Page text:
Find My Dine exists for one simple reason – to help you find good food in your area, in places you might have missed.
Find My Dine exists for one simple reason – to help you find good food in your area, in places you might have missed. Restaurants, pop ups, supper clubs, kitchen takeovers, street food specialists, and private chefs – it’s all about celebrating the best that the independent food sector in Wales has to offer.
With enviable produce as its birthright, and a wide choice of places to eat, dining out in Wales in 2020 is more diverse and rewarding than ever. The breadth and quality of cooking in this country deserves a place where independently-owned businesses can share what makes them special too, and can be supported to make themselves heard. A place which reflects the way we eat now.
Find My Dine is about helping you have a great meal while you support a locally-owned business. It’s a place which informs, celebrates, shares and promotes.
Find My Dine. It’s that simple.
Mae Find My Dine yn bodoli am un rheswm syml – i’ch helpu i ddod o hyd i fwyd da yn eich ardal, mewn mannau na fyddech yn ymwybodol ohonynt. Bwytai, bwytai dros dro, clybiau swper, trosfeddiannu cegin, arbenigwyr bwyd stryd, a chogyddion preifat – mae’n ymwneud â dathlu’r gorau sydd gan y sector bwyd annibynnol yng Nghymru i’w gynnig.
Cynnyrch rhagorol a dewis eang o leoedd i fwyta yw sylfaen y cwmni, ac mae bwyta allan yng Nghymru yn 2020 yn fwy amrywiol a buddiol nag erioed. Mae amrywiaeth eang ac ansawdd coginio yn y wlad hon yn haeddu lle y gall busnesau annibynnol rannu’r hyn sy’n eu gwneud yn arbennig hefyd, ac i dderbyn cefnogaeth i sicrhau bod eu llais yn cael ei glywed. Lle sy’n adlewyrchu’r ffordd rydyn ni’n bwyta erbyn hyn.
Nod Find My Dine yw eich helpu chi i gael pryd gwych tra byddwch chi’n cefnogi busnesau lleol. Mae’n le sy’n hysbysu, dathlu, rhannu a hyrwyddo.
Find My Dine. Mae hi mor syml â hynny
Jonathan and Helen bring a great deal of knowledge and experience to Find My Dine. Their blogs The Plate Licked Clean and The Octopus Diaries have consistently championed locally owned businesses, They have built a hard-won reputation over years for honest, constructive and perceptive writing.
Their work has been featured in Olive Magazine, The Western Mail, Visit Cardiff and on BBC Radio Wales, among others.
More likely to be found lurking in the corners of a kitchen with a camera, attempting to keep out of the way of chefs – Helen has been working in restaurant marketing for more years than she cares to disclose now, and runs a digital marketing consultancy supporting the industry.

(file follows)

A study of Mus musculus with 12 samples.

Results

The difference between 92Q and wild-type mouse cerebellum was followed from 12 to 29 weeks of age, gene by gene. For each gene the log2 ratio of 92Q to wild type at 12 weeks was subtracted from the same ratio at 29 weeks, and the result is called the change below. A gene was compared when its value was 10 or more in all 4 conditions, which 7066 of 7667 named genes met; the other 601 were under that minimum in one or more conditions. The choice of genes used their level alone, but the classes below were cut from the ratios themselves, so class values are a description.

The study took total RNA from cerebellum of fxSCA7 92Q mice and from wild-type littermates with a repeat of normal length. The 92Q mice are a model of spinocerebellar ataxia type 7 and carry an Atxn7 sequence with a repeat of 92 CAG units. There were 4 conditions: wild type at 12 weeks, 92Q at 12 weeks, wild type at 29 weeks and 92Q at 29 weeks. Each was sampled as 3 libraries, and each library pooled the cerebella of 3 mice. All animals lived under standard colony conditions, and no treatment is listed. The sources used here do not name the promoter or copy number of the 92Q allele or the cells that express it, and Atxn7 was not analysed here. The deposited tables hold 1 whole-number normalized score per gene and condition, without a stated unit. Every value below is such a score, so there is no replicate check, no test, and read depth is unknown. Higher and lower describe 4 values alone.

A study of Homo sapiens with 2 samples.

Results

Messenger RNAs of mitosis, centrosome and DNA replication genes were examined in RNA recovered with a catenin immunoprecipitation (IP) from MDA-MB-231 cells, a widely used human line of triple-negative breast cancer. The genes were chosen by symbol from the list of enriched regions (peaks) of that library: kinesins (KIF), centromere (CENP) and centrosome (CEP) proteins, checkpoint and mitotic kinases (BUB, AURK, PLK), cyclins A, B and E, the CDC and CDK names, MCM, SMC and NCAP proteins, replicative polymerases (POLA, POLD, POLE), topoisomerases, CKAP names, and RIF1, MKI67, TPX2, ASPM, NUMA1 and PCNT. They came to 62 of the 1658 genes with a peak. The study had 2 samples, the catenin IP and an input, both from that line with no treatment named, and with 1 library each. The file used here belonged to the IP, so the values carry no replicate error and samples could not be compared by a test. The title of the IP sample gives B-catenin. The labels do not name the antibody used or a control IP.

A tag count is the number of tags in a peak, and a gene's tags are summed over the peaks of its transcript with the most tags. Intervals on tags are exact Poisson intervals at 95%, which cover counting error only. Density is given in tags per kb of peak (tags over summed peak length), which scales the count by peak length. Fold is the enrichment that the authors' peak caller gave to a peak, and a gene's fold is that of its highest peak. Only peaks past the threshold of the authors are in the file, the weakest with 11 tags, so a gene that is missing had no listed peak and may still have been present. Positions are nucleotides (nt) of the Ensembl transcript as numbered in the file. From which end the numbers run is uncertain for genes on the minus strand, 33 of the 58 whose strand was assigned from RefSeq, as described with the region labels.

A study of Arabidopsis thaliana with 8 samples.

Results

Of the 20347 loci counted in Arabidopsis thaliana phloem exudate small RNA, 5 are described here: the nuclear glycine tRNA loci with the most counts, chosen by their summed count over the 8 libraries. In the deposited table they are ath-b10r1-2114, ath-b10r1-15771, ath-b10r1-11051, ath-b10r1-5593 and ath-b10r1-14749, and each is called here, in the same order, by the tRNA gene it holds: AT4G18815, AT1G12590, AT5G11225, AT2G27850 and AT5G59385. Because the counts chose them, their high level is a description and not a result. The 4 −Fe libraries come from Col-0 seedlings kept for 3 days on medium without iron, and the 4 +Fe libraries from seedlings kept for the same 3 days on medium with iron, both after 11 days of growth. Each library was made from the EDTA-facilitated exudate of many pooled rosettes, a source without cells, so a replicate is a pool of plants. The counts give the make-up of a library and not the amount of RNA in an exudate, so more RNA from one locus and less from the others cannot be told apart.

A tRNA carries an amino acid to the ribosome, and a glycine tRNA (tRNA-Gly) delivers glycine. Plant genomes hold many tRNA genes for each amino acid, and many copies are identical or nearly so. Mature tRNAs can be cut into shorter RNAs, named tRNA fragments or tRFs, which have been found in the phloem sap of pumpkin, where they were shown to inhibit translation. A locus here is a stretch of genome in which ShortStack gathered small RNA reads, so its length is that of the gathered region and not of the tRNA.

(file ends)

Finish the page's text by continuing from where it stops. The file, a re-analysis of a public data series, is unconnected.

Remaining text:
She has been masquerading as a restaurant blogger since 2017, primarily to justify (hide) her habitual need to dine out – and to save on the washing up. Always yearning to experience something different when it comes to dining out, her writing focuses on raising awareness of independent businesses that are run with passion and a desire to offer people a unique experience, value for money and great food.
From a love of Michelin Star dining to a curry and a pint, and pretty much everything else in between; she’s evidence that you can evolve from the pickiest of eaters as a child. She still hates sprouts though, and celery, oh and more randomly lemon pickle…hmm?
Both sides of Jonathan’s family have a long history in the food industry, whether as butchers and bakers or wine merchants, restaurateurs and growers, which may explain the obsession. As the son of a Spanish mother, he grew up with everything cooked from scratch, with croquetas, tortilla, ensaladilla rusa and pinchos morunos as staples, and with summer holiday memories of bodegas and bars run by his grandfather and uncles, or his Abuelita’s home cooking. Perversely this made him envious of his Welsh classmates’ jam sandwiches and foil-wrapped Viscount biscuits, an exotic treat which meant your family were almost certainly millionaires.
He is an enthusiastic home cook and an even more committed eater. Since 2013 he has been writing about interesting places to eat, from everyday finds to destination dining.
He holds these truths to be self-evident: good cooking can be found in the most unlikely places; every kitchen has a story to tell; and baked beans have no place on a cooked breakfast.
On these, especially the third, he is intractable.